Learning to Trust the GPS

As we travel around the country

Julia A. Keirns


Screenshot of the GPS on my phone. Photo by author.

I remember when there was no such thing as GPS or cell phones. We traveled with an atlas book in the car. We got lost a lot more often back then, but we get lost sometimes now too.

GPS was invented in 1973. The Global Positioning System, formally known as the Navstar Global Positioning System, was initiated as a joint civil/military technical program in 1973. It didn’t become available to the public until 1983 and that was only for air travel. President Ronald Reagan authorized the use of GPS by civilian commercial airlines in an attempt to improve navigation and safety for air travel. The first production car with a built-in GPS navigation system hit the roads in 1990. By that time we were married with two young children. And there was no way we could afford one of those expensive cars with a GPS system in it.

So how accurate is the GPS system nowadays?

According to gps.gov, it depends.

GPS satellites broadcast their signals in space with a certain accuracy, but what you receive depends on additional factors, including satellite geometry, signal blockage, atmospheric conditions, and receiver design features/quality.

As we travel around the country in areas we are not familiar with, we cause ourselves to be dependent on it to get us to where we want to go. More often than not, we wonder why it takes us down a certain back road instead of keeping us on the highway. Sometimes it will bring us to the back door of a business where the shipments are received instead of to the front door where customers are allowed to walk in.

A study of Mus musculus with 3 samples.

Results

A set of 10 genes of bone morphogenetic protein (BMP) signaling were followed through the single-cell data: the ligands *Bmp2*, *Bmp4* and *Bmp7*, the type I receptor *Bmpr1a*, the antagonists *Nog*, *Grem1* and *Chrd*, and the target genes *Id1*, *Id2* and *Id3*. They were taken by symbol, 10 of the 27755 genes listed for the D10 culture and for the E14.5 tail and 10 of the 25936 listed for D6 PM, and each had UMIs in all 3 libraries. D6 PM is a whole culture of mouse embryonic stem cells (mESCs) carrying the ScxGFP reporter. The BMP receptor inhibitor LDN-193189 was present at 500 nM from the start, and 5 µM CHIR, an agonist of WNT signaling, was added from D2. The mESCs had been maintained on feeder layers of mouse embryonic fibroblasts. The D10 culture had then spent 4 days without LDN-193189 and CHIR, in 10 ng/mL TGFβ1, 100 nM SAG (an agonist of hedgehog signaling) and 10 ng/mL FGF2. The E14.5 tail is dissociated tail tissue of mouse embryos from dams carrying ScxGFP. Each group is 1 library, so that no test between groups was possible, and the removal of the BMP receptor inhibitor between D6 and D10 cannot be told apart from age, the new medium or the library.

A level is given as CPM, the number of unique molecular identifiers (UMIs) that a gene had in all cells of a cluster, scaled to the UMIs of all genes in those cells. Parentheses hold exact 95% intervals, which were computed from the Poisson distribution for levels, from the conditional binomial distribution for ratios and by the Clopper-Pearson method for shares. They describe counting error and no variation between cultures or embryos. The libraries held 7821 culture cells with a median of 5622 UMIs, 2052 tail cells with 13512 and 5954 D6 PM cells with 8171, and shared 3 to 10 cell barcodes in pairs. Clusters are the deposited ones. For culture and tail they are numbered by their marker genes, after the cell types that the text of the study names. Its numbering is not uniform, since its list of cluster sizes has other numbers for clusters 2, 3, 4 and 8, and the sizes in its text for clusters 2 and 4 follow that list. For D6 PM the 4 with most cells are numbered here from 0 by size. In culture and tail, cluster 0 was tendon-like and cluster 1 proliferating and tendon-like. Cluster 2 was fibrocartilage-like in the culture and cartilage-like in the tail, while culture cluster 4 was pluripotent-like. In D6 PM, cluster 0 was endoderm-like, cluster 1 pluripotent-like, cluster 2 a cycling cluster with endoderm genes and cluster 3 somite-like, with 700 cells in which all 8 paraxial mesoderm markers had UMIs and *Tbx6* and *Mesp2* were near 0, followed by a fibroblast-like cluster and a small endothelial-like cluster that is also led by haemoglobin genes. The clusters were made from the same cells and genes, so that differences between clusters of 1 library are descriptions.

Sometimes we tell the GPS to take us the fastest route, and sometimes we tell it to take us the shortest distance. But it never fails that occasionally we will look at each other and laugh about the road it turns us on.

I have told Rich more than once to just trust the GPS and no matter where it makes us turn, we will always get to the final destination, or at least close enough to figure it out. The journey is the best part, and if we just trust the GPS we will see something we wouldn’t have normally seen if we had chosen to stay on the highway.

What else do we have to do anyway? We have all the time in the world and getting lost once in a while is the best part of the journey.

By the way, we do still keep an atlas in the RV, just in case.



Julia A. Keirns

Currently living in an RV full time and traveling across North America. Follow along with us at www.jakeirns.com. The goal is simply to write about it.